My scholarship is funded by a Chinese government organization known as Hanban (colloquial abbreviation for Chinese National Office for Teaching Chinese as a foreign language). Basically they aim to promote the learning and experiencing of Chinese language and culture all over the world. Every year they require all Universities offering Hanban scholarships to organize an educational field trip of some sort for Hanban students. This academic year our trip was to a city called Bazhou here in Hebei province 2/3 hours from Baoding by bus. Bazhou has a population of just over 130,000.
Our day started with an early morning bus ride that took about 2 -3 hours and ended in rainy Bazhou city center where we stopped to visit the bicycle museum. China is infamous for it’s wide use of bicycles (electric and nonelectric) and surprisingly has an incredibly long history with them. I honestly thought it was a recent obsession but the museum put that theory aside.
They did not invent the bike however they have adopted it and it’s now a big part of Chinese life. The height of bicycle culture was in the 1960’s and 1970’s, with car culture only becoming more prominent in the 2000’s. (Click here and here to read more on China’s bicycle culture). The perception of cycling has of course changed over the years with cars stealing the limelight, however with serious traffic congestion problems and pollution, the Chinese government is trying to encourage people to depend on cycling and other “green” transport methods for day to day movement. As stated previously in my post about getting around in Baoding, I have also taken up the bicycle for travelling short distances. The museum was only interesting for so long, they have a lot of bicycles! So at some point it just became monotonous.
After our museum trip we were treated to lunch at a local restaurant then ascended the bus and headed towards our second destination; a large Buddhist temple. The temple is I think the largest I have visited so far in Asia, containing various worship rooms for different statues.
The monks there were also very friendly and welcoming, I don’t imagine they deal with foreign tourists much given their location, we were the only foreign faces there at the time. We became as much of an attraction as the temple itself with people staring or asking for pictures or just taking them secretly-or what they thought was secretly. I didn’t I know much about Buddhism at the time and though some of it was explained at the time it was all in Chinese so a lot of it went past me.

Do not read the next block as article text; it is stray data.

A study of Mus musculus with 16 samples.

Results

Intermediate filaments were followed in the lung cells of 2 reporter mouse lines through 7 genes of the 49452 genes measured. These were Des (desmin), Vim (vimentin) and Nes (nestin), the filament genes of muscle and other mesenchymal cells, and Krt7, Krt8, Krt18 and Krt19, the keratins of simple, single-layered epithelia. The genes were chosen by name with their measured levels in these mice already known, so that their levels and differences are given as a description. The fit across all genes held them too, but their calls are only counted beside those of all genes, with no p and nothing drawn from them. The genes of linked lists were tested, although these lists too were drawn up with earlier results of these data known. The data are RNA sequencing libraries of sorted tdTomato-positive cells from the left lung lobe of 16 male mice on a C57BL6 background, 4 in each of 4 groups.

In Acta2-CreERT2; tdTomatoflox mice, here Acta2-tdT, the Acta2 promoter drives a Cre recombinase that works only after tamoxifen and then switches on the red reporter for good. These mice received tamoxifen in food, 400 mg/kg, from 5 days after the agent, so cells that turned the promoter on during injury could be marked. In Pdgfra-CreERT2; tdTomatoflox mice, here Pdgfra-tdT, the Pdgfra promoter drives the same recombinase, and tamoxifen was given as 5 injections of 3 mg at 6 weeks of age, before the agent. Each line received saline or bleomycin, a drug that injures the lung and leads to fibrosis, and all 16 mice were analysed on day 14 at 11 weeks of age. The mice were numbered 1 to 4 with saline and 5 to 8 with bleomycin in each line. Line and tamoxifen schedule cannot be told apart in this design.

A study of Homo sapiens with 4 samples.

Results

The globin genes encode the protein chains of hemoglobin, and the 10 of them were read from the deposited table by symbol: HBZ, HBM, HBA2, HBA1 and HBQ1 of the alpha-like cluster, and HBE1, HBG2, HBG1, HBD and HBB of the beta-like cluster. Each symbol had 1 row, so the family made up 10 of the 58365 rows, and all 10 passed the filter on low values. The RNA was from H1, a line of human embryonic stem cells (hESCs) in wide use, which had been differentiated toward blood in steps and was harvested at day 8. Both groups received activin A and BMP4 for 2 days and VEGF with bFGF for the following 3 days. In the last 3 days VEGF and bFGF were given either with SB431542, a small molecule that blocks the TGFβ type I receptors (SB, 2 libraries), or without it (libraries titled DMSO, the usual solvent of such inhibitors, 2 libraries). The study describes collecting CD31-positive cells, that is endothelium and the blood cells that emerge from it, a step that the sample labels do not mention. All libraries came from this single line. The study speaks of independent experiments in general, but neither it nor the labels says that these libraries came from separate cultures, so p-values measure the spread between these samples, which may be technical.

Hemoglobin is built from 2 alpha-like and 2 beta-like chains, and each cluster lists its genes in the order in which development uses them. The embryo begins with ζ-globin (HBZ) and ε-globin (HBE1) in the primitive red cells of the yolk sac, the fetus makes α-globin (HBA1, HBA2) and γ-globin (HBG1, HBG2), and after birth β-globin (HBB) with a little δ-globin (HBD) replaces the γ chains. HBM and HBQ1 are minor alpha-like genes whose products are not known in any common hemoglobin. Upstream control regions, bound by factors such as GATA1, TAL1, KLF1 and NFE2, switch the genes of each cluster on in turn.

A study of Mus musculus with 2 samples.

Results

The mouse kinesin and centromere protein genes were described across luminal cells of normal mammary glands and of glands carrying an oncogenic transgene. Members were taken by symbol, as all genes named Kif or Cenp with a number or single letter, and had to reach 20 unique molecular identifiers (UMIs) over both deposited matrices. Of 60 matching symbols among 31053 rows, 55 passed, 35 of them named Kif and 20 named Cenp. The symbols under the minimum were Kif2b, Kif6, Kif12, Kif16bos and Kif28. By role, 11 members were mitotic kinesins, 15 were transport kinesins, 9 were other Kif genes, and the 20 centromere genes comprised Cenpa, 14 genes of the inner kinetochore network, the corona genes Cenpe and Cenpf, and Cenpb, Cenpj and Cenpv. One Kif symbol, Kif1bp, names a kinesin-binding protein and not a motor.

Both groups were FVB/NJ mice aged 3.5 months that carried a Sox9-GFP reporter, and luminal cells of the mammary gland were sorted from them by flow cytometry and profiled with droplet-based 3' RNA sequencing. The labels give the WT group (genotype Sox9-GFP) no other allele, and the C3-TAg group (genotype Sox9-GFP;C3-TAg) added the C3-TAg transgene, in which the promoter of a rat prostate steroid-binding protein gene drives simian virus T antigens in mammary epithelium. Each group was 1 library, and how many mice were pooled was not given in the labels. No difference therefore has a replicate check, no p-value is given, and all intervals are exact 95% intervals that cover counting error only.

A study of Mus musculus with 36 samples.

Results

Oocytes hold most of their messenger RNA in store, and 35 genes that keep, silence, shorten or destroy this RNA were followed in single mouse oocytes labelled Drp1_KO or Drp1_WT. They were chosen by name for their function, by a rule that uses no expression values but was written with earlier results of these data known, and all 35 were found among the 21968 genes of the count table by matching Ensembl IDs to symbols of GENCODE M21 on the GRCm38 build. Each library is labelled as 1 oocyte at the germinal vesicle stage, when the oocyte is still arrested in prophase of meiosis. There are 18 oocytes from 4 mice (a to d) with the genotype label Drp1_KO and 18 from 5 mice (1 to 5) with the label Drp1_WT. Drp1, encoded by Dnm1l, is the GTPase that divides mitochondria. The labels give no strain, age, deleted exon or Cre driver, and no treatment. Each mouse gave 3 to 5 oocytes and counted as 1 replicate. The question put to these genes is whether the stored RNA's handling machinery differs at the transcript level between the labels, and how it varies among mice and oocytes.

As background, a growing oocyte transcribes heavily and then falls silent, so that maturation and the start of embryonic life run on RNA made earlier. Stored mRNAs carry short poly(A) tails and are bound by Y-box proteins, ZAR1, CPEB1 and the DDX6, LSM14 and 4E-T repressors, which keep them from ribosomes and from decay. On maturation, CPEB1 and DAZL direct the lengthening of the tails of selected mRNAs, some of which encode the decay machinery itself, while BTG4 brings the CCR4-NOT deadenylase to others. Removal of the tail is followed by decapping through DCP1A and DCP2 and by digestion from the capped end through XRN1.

Our final stop was a small ancient town called Shengfang also within Bazhou. Shengfang can trace its history to China’s Spring and Autumn Period (770-476 BC). It has a few locations of interest which we visited including a museum, Wenchang Pavilion and ancient noble houses. It also famous for it’s locally produced festive lanterns which are exported all over China and outside China including Hong Kong, Macao and other countries in Southeast Asia. Again we had a Chinese tour guide but unfortunately it all flew over my head because I was tired and I couldn’t keep up with the guides quick tongue.
In retrospect the outing probably would have been had more of an impression on me if I had been able to follow what was been said but my Chinese was just not good enough at this point and no one was translating for us either. Now I think if I did the trip again it would make more sense and be more than just a day out “looking at old things”. I am however always impressed at how well kept these places are for the most part and how much knowledge the locals have of their own history. The schools certainly do a good job of making sure the future generations know enough Chinese history to be able to teach a class of their own, it’s so effortless and practically second nature for them. Puts the rest of us less knowledgeable people to shame really.